A former lottery pick, the clock on Doug McDermott‘s NBA career is ticking. Could this be the year he takes the next step?
Doug McDermott was projected to be a versatile scorer that could hurt opposing teams in a variety of ways. His size, outside range, and mid-range touch had NBA scouts taking notice.
But he’s struggled, averaging 8 0 points per game, 2.3 rebounds per game and 0.7 assists per game as he enters the fourth year of his professional career.
So far McDermott’s 2017-18 campaign with the New York Knicks has had its ups and downs. The pressure to perform is certainly apparent after McDermott was a key piece in the deal to send Carmelo Anthony to the Oklahoma City Thunder.
It’s no secret to anyone that this is Kristaps Porzingis‘ team. The Knicks will only go as far as he takes them. So far, so good, as Porzingis is putting up career numbers. Teams will be hyper-focused on him throughout the season, which will open up scoring opportunities for McDermott.
On the other hand, McDermott did play with the reigning NBA MVP, Russell Westbrook, last season and only managed to average 6.6 points per game. Changing teams mid-season can be extremely difficult because guys are trying to learn how to play with one another on the fly. McDermott himself stated that he felt frustrated with the way he was being utilized. His role on the Thunder was strictly as a catch-and-shoot guy, but there’s more to his game.
The opportunity for a career year is there as well. McDermott is part of a second unit for the Knicks that is still attempting to find its footing. Kyle O’Quinn and Frank Ntilikina are important pieces, but they lack the scoring touch that McDermott is starting to show.
O’Quinn is capable of scoring, but he relies on offensive rebounding to find a lot of his shots. Ntilikina has the potential to develop into a capable scorer, but he’s a 19-year-old rookie, so his offensive game will likely remain inconsistent. Michael Beasley has the talent to put up points in bunches, but there is no telling what planet he’s on sometimes.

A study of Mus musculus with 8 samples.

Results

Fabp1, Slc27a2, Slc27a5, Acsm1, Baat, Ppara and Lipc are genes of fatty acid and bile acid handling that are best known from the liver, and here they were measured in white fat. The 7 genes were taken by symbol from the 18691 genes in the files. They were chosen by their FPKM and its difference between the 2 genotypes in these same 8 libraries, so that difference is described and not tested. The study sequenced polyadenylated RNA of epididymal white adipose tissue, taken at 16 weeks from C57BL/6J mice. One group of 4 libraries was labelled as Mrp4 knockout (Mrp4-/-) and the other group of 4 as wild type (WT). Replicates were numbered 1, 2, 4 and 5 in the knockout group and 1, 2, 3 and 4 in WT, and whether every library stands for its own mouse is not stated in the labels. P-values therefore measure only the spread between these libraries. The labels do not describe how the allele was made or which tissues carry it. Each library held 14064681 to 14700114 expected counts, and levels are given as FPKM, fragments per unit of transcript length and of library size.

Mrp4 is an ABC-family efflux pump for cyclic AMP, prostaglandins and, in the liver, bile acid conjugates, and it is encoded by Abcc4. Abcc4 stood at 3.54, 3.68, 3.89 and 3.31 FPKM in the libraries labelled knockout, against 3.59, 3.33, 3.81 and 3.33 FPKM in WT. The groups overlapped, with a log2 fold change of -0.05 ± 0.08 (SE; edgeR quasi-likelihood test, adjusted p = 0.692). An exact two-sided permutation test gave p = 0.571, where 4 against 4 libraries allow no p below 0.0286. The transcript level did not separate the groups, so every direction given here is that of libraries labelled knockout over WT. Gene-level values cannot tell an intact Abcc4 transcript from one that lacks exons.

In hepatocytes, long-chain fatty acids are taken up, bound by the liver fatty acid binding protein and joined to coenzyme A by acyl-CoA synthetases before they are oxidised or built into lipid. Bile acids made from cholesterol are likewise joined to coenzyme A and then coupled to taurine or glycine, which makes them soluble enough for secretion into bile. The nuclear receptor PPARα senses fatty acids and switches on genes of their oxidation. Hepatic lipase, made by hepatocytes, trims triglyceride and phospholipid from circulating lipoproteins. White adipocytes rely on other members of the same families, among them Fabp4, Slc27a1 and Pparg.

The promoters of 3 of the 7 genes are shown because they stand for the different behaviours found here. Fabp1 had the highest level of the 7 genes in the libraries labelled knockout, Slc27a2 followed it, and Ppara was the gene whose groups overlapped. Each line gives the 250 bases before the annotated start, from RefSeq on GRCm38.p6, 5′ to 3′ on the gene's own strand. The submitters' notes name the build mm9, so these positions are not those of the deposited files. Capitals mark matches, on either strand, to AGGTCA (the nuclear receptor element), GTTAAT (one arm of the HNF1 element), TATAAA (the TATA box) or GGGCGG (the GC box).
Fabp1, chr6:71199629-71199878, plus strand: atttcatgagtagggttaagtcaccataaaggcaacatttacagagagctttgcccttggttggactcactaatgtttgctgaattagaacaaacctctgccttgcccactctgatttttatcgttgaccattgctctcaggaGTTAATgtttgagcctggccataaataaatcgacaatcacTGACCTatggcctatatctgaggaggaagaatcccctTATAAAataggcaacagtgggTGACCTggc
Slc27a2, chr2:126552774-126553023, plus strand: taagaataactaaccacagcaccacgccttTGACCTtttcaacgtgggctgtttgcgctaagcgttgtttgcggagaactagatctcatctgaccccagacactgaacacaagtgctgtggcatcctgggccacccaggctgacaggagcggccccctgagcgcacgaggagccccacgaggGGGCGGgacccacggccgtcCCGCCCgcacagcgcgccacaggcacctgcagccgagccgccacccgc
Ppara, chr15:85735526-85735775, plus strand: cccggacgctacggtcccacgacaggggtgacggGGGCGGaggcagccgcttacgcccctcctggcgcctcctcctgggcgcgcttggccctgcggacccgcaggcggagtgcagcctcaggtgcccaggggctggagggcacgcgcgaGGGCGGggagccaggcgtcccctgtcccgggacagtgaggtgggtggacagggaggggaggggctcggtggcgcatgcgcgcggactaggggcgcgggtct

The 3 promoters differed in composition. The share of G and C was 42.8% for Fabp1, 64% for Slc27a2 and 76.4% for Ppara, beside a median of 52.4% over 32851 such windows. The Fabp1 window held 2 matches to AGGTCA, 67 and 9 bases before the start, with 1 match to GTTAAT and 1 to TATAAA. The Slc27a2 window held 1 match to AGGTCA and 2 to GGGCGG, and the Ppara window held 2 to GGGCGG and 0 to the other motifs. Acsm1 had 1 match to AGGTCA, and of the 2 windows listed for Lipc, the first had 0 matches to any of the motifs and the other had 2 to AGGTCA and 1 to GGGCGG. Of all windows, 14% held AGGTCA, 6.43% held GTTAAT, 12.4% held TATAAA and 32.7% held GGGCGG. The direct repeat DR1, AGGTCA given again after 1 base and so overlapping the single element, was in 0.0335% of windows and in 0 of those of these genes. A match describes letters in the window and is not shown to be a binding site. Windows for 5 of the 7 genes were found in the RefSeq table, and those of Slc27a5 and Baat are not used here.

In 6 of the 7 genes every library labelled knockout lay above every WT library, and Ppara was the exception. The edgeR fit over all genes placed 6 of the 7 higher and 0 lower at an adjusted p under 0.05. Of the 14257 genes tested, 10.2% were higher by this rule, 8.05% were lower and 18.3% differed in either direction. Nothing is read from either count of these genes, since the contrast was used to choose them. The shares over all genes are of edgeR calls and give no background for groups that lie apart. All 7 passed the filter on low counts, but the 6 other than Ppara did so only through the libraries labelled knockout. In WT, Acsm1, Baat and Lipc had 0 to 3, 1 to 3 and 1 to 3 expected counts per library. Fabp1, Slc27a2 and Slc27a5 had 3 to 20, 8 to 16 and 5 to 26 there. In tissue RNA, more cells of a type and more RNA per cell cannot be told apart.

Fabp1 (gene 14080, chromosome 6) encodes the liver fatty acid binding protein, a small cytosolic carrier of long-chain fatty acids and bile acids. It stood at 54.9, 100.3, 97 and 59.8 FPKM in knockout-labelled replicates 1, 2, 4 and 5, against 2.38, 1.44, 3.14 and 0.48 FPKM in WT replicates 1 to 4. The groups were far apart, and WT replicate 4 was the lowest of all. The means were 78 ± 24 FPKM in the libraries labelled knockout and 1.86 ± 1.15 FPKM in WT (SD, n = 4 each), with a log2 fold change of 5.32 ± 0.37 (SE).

McDermott’s newfound aggressiveness was evident in the Knicks 116-110 victory over the Denver Nuggets on Monday. He scored 11 points on 4-for-10 shooting, including 3-for-6 from deep. Despite an off shooting night, he made some good moves and had a few decent looks. If nothing else, this shows that he’s ready to take on the scoring load for that second unit.
The 2017-18 season is still young, but there are some positives in what we are seeing from McDermott. Six games is an incredibly small sample size to examine. Nonetheless, these numbers are something that Knicks fans should keep an eye on.
McDermott’s career PER (Player Efficiency Rating) of 10.6 falls well below the league average of 15. Through six games, McDermott has posted a 14.2 PER.
TS% (True Shooting Percentage) takes two-point field goals, three-point field goals, and free throws into account to measure each players’ shooting efficiency. McDermott’s season TS% of .615 is .062 points higher than his career average of .553.
His AST% (Assist Percentage) and TRB% (Total Rebound Percentage) are well above his career totals. This signals McDermott’s improvement in his overall game. While his calling card will be off the bench scoring, no one will complain if he develops into more of an all-around contributor.
Again, these improvements in advanced stats are part of a very small sample size, but they are something that can be used to monitor McDermott’s development this season. He came into the league as an accomplished scorer at the NCAA level. It has taken him a few years to find his footing in the NBA, but this could be the season where we see him take the next step in his development.
Porzingis is going to score his points and there is no doubt who the first option is. The second unit scoring for the Knicks is a different story. Instant offense off the bench is a necessity for this team and don’t be surprised when Doug McDermott fills that role.